1 Ice and rock – distance from the planet
The Solar System has at least 146 moons, not even counting the moons of asteroids, and they have a huge variety in size and composition (Figure 1). For many years, the composition of moons was a mystery and scientists are still unsure of many of the details.
The variety of formation mechanisms (that you learned about in Week 1) is one reason for the variety of compositions. A moon that has been captured (Triton, for example) is likely to differ from a moon that formed within an accretionary disc (such as Io). Our own Moon is uncommon in being mostly rocky with only the merest traces of water. There are only two large rocky moons in the Solar System: the Earth’s Moon and Io. The other moons have interiors with a varying ratio of ice : rock, and have surfaces that are made almost entirely of ice.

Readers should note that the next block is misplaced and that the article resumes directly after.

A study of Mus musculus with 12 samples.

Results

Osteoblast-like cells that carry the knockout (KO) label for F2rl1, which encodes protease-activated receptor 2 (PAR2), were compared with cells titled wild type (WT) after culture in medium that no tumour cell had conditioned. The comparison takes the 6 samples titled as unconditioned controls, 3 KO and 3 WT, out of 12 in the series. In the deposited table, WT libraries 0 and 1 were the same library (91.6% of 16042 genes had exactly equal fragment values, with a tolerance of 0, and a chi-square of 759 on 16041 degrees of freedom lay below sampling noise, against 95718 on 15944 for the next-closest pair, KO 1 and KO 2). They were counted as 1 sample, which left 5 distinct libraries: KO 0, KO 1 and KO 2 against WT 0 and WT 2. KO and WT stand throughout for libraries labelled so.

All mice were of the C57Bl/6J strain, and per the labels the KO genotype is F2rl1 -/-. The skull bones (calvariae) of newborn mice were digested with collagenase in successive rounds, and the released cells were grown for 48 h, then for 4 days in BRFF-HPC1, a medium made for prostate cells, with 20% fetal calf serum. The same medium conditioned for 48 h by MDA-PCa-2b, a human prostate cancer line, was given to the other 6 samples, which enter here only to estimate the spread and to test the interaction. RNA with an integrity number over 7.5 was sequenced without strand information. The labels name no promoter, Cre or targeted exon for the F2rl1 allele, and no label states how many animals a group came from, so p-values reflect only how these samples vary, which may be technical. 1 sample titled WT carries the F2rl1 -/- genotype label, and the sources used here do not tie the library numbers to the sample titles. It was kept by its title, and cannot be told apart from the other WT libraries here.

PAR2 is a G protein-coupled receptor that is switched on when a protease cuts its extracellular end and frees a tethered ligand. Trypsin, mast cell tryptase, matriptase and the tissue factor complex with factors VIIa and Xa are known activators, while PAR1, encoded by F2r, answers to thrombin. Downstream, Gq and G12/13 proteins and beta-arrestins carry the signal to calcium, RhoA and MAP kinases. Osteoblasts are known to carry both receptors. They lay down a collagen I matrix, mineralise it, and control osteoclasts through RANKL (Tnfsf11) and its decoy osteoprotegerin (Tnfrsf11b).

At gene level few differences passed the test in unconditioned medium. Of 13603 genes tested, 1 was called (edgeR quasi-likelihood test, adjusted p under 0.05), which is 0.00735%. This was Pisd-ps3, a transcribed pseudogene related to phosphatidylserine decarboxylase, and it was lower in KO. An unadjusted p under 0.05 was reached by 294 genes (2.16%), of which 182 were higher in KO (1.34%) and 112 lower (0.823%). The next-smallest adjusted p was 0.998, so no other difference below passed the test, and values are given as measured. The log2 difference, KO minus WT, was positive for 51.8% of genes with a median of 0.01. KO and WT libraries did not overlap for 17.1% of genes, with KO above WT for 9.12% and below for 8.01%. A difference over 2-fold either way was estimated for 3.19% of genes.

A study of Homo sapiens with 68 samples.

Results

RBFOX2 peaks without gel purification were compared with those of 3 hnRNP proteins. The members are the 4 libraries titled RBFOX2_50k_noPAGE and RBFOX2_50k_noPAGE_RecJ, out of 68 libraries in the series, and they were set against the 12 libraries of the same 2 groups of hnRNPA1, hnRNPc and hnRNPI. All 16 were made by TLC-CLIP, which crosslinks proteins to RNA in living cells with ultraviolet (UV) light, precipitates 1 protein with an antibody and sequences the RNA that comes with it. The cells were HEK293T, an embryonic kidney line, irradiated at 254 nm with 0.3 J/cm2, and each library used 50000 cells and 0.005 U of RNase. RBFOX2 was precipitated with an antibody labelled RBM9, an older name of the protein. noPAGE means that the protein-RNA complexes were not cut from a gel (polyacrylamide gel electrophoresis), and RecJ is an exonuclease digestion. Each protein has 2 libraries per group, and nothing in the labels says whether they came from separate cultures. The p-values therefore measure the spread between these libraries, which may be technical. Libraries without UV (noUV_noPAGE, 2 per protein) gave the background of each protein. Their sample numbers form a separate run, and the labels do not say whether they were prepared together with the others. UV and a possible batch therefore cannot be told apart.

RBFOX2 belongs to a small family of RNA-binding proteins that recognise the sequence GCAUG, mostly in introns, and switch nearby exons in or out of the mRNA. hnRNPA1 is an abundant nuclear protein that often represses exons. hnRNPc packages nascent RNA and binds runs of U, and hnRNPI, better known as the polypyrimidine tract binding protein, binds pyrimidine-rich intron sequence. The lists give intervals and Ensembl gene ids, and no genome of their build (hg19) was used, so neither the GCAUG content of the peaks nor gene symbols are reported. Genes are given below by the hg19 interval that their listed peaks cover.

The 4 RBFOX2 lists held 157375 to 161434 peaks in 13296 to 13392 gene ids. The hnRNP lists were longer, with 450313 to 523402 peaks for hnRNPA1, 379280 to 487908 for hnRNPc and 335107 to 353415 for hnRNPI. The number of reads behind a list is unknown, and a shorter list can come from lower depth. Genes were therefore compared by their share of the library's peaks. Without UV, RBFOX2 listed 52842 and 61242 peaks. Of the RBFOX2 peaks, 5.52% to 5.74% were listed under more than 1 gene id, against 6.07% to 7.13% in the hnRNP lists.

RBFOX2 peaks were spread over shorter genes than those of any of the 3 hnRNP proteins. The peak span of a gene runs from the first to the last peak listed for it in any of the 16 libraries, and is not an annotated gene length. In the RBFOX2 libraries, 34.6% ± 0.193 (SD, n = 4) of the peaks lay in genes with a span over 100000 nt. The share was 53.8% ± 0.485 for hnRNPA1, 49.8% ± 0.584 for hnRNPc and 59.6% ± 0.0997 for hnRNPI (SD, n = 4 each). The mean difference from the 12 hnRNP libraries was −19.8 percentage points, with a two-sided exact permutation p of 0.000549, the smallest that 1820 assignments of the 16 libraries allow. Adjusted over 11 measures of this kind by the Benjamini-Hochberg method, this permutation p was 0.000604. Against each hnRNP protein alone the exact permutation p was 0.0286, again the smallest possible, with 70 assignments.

Ice is not necessarily pure frozen water. It can include specks of rocky or carbonaceous dust, various salts and the frozen forms of volatile substances, meaning substances that would tend to be gases if found on Earth. Example of such ‘volatiles’ include carbon monoxide, carbon dioxide, methane and ammonia. These too can occur in the form of ice, so be careful when you hear someone talking of ‘ice’ in the Solar System; they do not necessarily mean just frozen water. Generally, a moon’s composition is related to where in the Solar System it formed and how far it is from the primary planet.
The moons that formed within accretionary discs around planets show a grading of density and ice : rock ratio. This can be seen easily in the Galilean moons (the four large moons of Jupiter discovered by Galileo Galilei): the inner two (Io and Europa) are significantly denser than the outer two (Ganymede and Callisto). Rock is denser than ice, so this is evidence that the ice : rock ratio increases with distance from Jupiter. The accretionary disc around Jupiter would have been hotter and denser towards the centre, hindering the accretion of icy volatiles onto the inner moons.